Trump Pardons Scooter Libby to 'Rectify a Very Sad Portion of His Life'
WASHINGTON -- President Trump today pardoned former Vice President Dick Cheney's onetime aide Scooter Libby, who was convicted during the Bush administration in leaks surrounding the unmasking of CIA officer Valerie Plame Wilson.
During his time in the Bush administration, Libby, 67, was Cheney's former assistant for national security affairs, Cheney's former chief of staff, and assistant to President George W. Bush.
Before Bush won the presidency, Libby represented billionaire trader Marc Rich, who was pardoned on the last day President Clinton was in office.
Libby was convicted of obstruction of justice and perjury in his grand jury testimony and making false statements to federal investigators, related to revealing Plame's identity to New York Times reporter Judith Miller; Plame is the wife of Joe Wilson, an ambassador in the first Bush administration who was critical of Bush 43 for the Iraq war.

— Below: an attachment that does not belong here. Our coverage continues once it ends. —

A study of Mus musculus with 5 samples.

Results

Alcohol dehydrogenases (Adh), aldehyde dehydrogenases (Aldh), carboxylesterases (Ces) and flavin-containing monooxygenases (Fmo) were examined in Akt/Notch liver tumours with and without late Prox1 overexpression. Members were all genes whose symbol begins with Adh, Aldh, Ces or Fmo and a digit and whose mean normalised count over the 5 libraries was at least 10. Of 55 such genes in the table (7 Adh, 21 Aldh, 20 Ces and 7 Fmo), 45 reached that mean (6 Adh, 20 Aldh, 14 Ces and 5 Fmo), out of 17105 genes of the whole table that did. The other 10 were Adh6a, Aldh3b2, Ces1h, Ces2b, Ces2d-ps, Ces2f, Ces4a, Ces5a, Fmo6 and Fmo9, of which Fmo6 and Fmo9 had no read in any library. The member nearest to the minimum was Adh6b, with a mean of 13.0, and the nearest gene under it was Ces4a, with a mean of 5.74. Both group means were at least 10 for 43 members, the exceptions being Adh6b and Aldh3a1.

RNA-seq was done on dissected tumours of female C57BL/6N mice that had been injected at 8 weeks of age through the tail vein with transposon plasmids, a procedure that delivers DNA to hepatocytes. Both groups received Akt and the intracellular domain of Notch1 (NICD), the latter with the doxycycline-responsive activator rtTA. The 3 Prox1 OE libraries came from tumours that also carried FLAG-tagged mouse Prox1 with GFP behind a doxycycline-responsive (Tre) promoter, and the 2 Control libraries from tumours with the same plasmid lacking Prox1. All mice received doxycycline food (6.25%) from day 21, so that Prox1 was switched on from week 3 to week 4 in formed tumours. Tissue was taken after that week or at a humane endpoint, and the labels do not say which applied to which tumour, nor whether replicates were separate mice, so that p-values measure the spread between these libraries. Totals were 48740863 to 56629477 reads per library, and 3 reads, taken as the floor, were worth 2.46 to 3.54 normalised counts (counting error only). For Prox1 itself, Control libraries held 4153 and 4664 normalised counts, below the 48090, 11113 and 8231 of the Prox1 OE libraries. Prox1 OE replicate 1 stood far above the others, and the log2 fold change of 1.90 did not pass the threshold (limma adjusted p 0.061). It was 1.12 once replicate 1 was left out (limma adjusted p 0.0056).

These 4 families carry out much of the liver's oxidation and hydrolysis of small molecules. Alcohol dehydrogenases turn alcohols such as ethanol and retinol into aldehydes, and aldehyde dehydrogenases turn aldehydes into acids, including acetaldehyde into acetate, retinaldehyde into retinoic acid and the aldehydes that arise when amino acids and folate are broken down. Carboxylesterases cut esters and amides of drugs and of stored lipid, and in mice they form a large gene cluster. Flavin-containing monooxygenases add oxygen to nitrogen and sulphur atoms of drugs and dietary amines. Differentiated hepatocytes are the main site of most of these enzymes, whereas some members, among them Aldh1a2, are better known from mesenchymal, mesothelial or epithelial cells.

George W. Bush commuted Libby's 30-month sentence in 2007; Libby was on probation for two years, paid a $250,000 fine, and performed 400 hours of community service. Libby was reinstated at the D.C. Bar in November 2016.
"In 2015, one of the key witnesses against Mr. Libby recanted her testimony, stating publicly that she believes the prosecutor withheld relevant information from her during interviews that would have altered significantly what she said," White House press secretary Sarah Huckabee Sanders said in a statement. "The next year, the District of Columbia Court of Appeals unanimously reinstated Mr. Libby to the bar, reauthorizing him to practice law. The court agreed with the District of Columbia Disciplinary Counsel, who stated that Mr. Libby had presented 'credible evidence' in support of his innocence, including evidence that a key prosecution witness had 'changed her recollection of the events in question.'”
"Before his conviction, Mr. Libby had rendered more than a decade of honorable service to the nation as a public servant at the Department of State, the Department of Defense, and the White House. His record since his conviction is similarly unblemished, and he continues to be held in high regard by his colleagues and peers," she added.